Almost 60,000 Retail Jobs Lost in Last Quarter of 2019
Nearly 60,000 jobs were lost in the UK retail sector during the last three months of 2019 in another tough year for the high street, according to a report.
Recent figures from the British Retail Consortium (BRC) has revealed around 57,000 jobs were lost in the retail sector over the fourth quarter of last year. The total number of retail employees in dropped by 1.8% compared to Q4 2018, although this is not as much as the 2.8% drop recorded in 2018 compared to the previous year. But the number of retail workers in the UK has now been falling for sixteen quarters in a row.
More job losses came from full-time roles than part-time. There was a 3% drop in full-time retail employment during Q4 2018 compared to a 1.2% decline in part-time jobs.
These latest figures are a further blow to the high street after it was revealed that 2019 was the worst year on record for retail sales, with total sales falling for the first time since 1995.
“Following figures showing 2019 was the worst year on record for retail sales growth, it comes as no surprise that retail shed the equivalent of 57,000 jobs compared to Q4 last year,” said Helen Dickinson, chief executive of the BRC.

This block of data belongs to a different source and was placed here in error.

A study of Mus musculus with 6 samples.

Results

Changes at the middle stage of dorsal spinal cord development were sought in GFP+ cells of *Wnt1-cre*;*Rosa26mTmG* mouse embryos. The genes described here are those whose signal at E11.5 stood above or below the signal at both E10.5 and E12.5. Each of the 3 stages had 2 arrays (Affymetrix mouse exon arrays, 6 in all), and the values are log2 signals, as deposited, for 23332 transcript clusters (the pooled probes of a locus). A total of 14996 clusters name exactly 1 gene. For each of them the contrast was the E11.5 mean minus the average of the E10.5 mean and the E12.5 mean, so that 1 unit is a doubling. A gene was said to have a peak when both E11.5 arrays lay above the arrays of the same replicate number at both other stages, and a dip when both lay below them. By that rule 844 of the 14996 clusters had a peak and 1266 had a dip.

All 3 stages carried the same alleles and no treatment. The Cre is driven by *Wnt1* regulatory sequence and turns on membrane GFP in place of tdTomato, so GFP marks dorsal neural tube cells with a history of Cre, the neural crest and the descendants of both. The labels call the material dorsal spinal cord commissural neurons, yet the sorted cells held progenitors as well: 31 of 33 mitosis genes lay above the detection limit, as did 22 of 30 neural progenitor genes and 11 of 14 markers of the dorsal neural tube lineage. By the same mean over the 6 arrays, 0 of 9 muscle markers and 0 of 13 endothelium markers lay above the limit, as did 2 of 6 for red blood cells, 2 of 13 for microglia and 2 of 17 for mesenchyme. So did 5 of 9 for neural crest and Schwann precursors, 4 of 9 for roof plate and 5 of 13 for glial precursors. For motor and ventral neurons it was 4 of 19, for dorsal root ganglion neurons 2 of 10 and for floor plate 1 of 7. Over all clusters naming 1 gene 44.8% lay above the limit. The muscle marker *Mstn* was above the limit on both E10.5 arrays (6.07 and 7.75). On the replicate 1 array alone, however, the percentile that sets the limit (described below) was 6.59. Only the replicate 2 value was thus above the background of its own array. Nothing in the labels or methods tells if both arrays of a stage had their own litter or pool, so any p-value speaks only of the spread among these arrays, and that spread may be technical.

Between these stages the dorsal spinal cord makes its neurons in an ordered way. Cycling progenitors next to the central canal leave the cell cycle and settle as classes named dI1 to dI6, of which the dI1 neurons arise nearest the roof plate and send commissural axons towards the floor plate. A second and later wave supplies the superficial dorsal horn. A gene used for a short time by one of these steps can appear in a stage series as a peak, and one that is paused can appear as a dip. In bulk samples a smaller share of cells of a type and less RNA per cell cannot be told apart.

“There were many challenges in 2019: businesses had to contend with the repeated risk of no deal Brexit, a general election and the ongoing transformation of the industry, leading to weak consumer demand. As a result, employment has suffered in retail, the UK’s largest private sector employer.
“This matters – retail offers many people their first job, a range of flexible working options, and huge opportunities for progression. Retailers may be investing heavily in their workers, through training and apprenticeships, but more could be done.
“The current inflexibility in the Apprenticeship Levy system means that much essential training is not covered, limiting the opportunities for many working in the industry.
“Moreover, it is worrying that the government is standing by while tens of thousands of jobs are being lost. If the same was true in manufacturing or aviation, one can be sure that the government would act.
“There are opportunities for action and the government’s review of business rates could not come at a more crucial time. It is essential that they reform this broken system and rectify a tax that sees retail, which accounts for 5% of the economy, pay 25% of the burden.”
A spokesperson for the government said: “We recognise retail has had a challenging year and continue to work with the sector to identify pressures and steps to address them.
“This includes the delivery of the £1bn Future High Streets Fund to support local areas in England to renew high streets and our review into business rates, as well as cutting business rates for small retailers by a third this year.”